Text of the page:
Should You Pay Off Debt with a Laser Focus?

There are lots of opinions about how to pay off debt, but aren't all financial priorities important? Should your approach be laser focused or balanced?

There are lots of opinions about how to pay off debt, but aren't all financial priorities important? Should your approach be laser focused or balanced?As you know, there are several different types of bloggers in the personal finance community. There are the ones focused on paying off debt (like me), there are those who are focused on saving for early retirement, and there are those who are frugal so they pursue their passion no matter how little it pays. There’s something for everyone to read, learn from, and relate to. Personally I like reading a little bit of everything so I can get lots of different perspectives on personal finance.

Because I read lots of different blogs with lots of different perspectives, I sometimes have a hard time maintaining a laser focus on my biggest goal: getting out of consumer and student loan debt ASAP. But is that such a bad thing? Aren’t all financial priorities important?

A few months ago I decided that it is not only important for me to get out of debt, but it’s also important for me to continue to save money in my emergency fund and for my future retirement. In fact, saving for retirement from an early age is about the only financial mistake I haven’t made!

With that said, here are some factors you should weigh to help you decide if you should be laser focused on one goal, or more rounded in pursuing your financial priorities.

Rate of Progress

Obviously, if you decide to only focus on one financial goal at a time, your progress will be much faster than if you are splitting your priorities. Sometimes it’s easier for people to only have one goal at a time so they don’t lose focus or momentum when they are on a roll. I get that, really. But the reason I decided to split my priorities is to make sure I have something to fall back on “in case”.

Life Situation Considerations

I’ve read posts from other personal finance bloggers about why their life situation doesn’t warrant the need for an emergency fund while they pay off debt. For instance, if you are a non-homeowner and non-car owner, you may not think you need a large emergency fund (or even an emergency fund at all). However, because I’m both a car owner and a homeowner, I decided to work on building an emergency fund simultaneously while paying off my debt.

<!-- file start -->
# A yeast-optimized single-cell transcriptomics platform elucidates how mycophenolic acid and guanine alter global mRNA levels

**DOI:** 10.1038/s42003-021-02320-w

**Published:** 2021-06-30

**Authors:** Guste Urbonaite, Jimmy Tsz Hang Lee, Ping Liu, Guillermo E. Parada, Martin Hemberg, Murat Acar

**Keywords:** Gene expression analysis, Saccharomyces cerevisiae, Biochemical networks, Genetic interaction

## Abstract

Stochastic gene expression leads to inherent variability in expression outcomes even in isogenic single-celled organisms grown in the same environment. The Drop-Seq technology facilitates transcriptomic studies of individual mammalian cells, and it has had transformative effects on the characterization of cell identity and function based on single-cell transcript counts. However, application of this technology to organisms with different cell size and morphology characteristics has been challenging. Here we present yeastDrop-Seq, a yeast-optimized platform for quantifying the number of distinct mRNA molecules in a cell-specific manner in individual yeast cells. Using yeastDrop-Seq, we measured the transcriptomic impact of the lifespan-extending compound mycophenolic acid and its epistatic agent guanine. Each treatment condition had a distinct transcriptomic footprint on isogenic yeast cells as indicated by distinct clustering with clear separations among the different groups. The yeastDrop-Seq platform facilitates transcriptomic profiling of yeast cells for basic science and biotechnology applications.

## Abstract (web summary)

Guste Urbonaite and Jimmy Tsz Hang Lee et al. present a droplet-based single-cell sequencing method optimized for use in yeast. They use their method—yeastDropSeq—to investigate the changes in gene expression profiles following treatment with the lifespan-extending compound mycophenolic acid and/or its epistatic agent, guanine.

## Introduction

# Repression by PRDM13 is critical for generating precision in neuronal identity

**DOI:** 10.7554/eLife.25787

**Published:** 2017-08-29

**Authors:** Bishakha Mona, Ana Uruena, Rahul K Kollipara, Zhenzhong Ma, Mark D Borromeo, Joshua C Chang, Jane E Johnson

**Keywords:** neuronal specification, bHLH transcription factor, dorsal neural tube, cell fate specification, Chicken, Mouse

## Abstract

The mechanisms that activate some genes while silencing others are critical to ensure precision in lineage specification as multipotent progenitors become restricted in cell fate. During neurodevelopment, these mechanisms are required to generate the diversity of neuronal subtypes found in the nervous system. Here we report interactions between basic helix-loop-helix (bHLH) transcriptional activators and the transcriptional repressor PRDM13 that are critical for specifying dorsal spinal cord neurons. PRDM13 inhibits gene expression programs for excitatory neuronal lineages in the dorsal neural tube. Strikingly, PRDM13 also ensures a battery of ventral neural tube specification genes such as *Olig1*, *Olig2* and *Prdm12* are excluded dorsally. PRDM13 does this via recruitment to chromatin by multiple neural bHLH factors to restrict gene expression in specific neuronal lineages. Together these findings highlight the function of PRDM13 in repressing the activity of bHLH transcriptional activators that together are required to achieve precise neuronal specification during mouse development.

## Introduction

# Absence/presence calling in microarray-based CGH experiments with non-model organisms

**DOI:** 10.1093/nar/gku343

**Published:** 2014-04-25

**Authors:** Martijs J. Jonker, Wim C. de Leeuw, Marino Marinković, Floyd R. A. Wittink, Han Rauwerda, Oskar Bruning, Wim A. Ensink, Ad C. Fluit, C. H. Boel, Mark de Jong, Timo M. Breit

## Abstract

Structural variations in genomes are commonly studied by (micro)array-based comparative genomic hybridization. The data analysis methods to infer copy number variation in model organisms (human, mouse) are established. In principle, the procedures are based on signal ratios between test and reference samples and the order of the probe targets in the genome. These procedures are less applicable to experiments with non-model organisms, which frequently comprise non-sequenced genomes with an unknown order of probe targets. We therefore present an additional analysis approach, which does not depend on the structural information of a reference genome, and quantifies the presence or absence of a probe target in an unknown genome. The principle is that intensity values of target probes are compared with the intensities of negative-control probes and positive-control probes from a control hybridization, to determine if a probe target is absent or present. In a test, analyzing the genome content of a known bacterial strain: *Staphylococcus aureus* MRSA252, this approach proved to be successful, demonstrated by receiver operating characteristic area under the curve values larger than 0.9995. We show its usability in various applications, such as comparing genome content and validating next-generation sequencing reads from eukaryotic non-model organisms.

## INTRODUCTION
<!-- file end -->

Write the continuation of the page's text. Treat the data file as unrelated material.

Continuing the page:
Peace of Mind

Most people who are in favor of continuing to save money in an emergency fund and/or a retirement fund while paying off debt do so for peace of mind. I think this can go both ways. Personally I feel more at peace as my savings fund grows but also as my debt balance and required monthly payments drop. As I continue to work my way out of debt, it’s nice to know that eventually the money I earn will be mine to do with as I please.

There’s no right or wrong answer when it comes to deciding if you should be laser focused on one financial goal at a time. It really comes down to personal preference and what works best for you. The most important thing is that you are making progress toward your financial goals, no matter what they are.

Do you pay off debt with a laser focus or more balanced financial priorities? Let us know your thoughts below!


8 thoughts on “Should You Pay Off Debt with a Laser Focus?

  1. I started out with laser focus – but was too focuses. I didn’t allow myself any extra spending money. I quickly resented my debt and started to spend again. When I corrected things, I took a more balanced approach. I put most of my money towards getting out of debt, but left some on the side so I could have fun and spend time with my friends.

  2. We paid made debt repayment the only goal. We were in a situation where our income (what little there was) was guaranteed. Also, we had health problems, so an EF would have been drained and repaid every month. It just didn’t make sense.

    It worked for us, but nowadays — with a house and car — we would definitely have needed an emergency fund.

  3. We’re following Dave Ramsey’s “Total Money Makeover” approach. We’ve had a mini-emergency fund (about $1,000) as we’ve been paying off all non-mortgage debt. We’re close to being debt-free except for the mortgage, and at that point, we’ll start saving our big emergency fund – enough to see us through 3-6 months of unemployment. I’m VERY fortunate to have had a pension plan all along, but we’ll also start saving more for retirement as we finally focus upon killing off the mortgage. So much of debt-repayment is psychological, and I find that Ramsey’s plan addresses the need to be encouraged as well as the steady growth in financial maturity that happens when you take things step by step.

    1. I read and listened to Dave Ramsey’s Total Money Makeover too when I first got started with the idea of financial independence. But, I don’t follow his plan 100% to a T as I still put some “fun money” in my budget. Therefore I’m not really “gazelle intense” as he says. But overall I like his ideas to get out of debt and have a baby emergency fund until you are rid of high interest debt.